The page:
Spain now have a star on their shirt. I’m not exaggerating when I say that my limbs were numb and my mouth was dry during yesterday’s World Cup final. I was truly a hot mess. Moving on… It’s now time for all publications to run their World Cup retrospectives, and since we barely qualify as a publication it’s time for ours. Well, mine; nobody else on staff could name a single player from yesterday’s final. But, of course, I’m taking a more technological point of view. Because if there’s anything I excel at, it’s writing about marginally relevant topics right here on CG.
How many of you knew the name of a World Cup ball prior to World Cup 2010? None of you, correct. Now, how many of you are sick of hearing about the Adidas Jabulani? I’m certainly tired of writing about it every other day. Person A hates the ball, Person B loves the ball. Study A says the ball is garbage, Study B says the ball is fine. Lather, rinse, repeat. For World Cup 2012, I’d like to see FIFA return to the ball that Ferenc Puskás used to kick about. PROBLEM SOLVED.
Long overdue, but we may have reached the moment where Fifa, world football’s generally incompetent governing body, has finally recognized the necessity of goal-line technology. There’s still probably no chance in Hell that Fifa will adopt video replay anytime soon, which is fine by me. Baby steps and all that. But if the 2014 World Cup doesn’t have goal-line technology, well, that would be very stupid. Maybe Conmebol will use next year’s Copa América to test out a form of goal-line technology.
There were plenty of Apps to chose from this time around. I used Goal.com’s App quite a bit, but that was only to check the game schedule. ESPN on TV had a knack for showing their broadcast time instead of game start time. I want to tune in when the players are walking down the tunnel, not when Alexi Lalas is pontificating about this or that topic. That said,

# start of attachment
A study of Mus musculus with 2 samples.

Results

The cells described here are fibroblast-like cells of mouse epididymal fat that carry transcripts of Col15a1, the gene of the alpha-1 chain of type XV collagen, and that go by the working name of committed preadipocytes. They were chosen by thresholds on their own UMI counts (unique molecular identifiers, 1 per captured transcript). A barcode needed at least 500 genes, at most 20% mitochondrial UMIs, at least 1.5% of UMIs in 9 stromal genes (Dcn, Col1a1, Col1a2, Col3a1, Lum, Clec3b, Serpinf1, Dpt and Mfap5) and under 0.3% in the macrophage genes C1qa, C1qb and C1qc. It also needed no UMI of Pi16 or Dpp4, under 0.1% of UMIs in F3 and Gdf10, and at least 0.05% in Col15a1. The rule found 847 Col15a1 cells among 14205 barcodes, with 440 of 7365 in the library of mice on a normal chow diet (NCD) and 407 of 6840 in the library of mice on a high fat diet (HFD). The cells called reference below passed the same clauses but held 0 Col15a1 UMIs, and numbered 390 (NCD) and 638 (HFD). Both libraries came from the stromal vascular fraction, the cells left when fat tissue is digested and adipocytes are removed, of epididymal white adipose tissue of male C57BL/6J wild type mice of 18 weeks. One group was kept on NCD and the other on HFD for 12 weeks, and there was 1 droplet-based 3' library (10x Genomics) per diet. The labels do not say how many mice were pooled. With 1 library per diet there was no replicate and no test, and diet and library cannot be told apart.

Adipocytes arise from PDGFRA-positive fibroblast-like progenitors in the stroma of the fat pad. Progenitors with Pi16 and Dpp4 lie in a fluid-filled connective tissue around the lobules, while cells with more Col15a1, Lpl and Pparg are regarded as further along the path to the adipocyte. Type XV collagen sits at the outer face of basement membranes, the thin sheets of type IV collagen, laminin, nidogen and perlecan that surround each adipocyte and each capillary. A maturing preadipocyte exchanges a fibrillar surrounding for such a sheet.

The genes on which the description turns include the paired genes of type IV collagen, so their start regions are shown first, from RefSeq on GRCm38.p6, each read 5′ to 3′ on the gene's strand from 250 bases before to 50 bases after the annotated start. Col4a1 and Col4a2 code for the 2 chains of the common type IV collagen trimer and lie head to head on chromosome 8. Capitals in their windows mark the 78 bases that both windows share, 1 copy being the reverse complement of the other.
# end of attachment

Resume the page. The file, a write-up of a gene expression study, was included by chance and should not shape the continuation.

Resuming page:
Roberto Martínez, Ruud Gullit, and Jürgen Klinsmann did a fine job when I saw them.
ESPN & ESPN3.com
Despite the fact that the games broadcast live on ABC weren’t on ESPN3.com weren’t streamed live, ESPN really outdid itself with ESPN3.com. You have to figure that Disney paid through the nose for the broadcast rights for the World Cup, so it’s good to see the games promoted and shown on TV and on the Internet. Proper ESPN, too, not like ESPN 800 or anything like that. And with actual commentators who know that game! Really, ESPN’s coverage of the World Cup this time around was very, very good. Yeah, the network was a tendency to make EVERY SINGLE SECOND terribly overdramtic, but I think that’s a problem with American broadcasting as a whole.
Paul the psychic octopus
Paul is about as far away from technology as you can get, but I still love the idea of a psychic octopus. The world needs more psychic animals making sports predictions.
In the end, the best player of the tournament wasn’t wearing Nike or Adidas, but Puma (though Puma and Adidas share a common lineage). Diego Forlán, a great man, won the Fifa Golden Ball, the award given to the tournament’s best player. (He was also on my fantasy team, so there.) The final came down to an epic battle between Nike (The Netherlands) and Adidas (Spain). Now, I could be wrong, but I don’t think anyone on the Spain team had those fancy Adidas TechFit kits (the tight-fitting kits where you cold see straps on the back.) Does that fact mean anything? Well, no, it was just something I noticed. (Arjen Robben wore a TechFit kit in the Champions League final last May. He lost, of course.) TechFit kits will be used in the upcoming domestic leagues across Europe.
On the whole, I’d have to say that Adidas’ kits looked better than everyone else’s (favorites includes Germany home and away, Mexico away, Argentina home, and France home.) Other standouts were Portugal’s away (Nike) and Holland’s home (Nike; anybody know what font typeface they used?). The color of the Urugauy (Puma) home kit was great, too.
So, that’s it. I now need to find some other way to occupy my time. Well, until the European leagues kick off again.
And how great would it be if the Vuvuzela catches on all over the world? All vuvzela, all the time.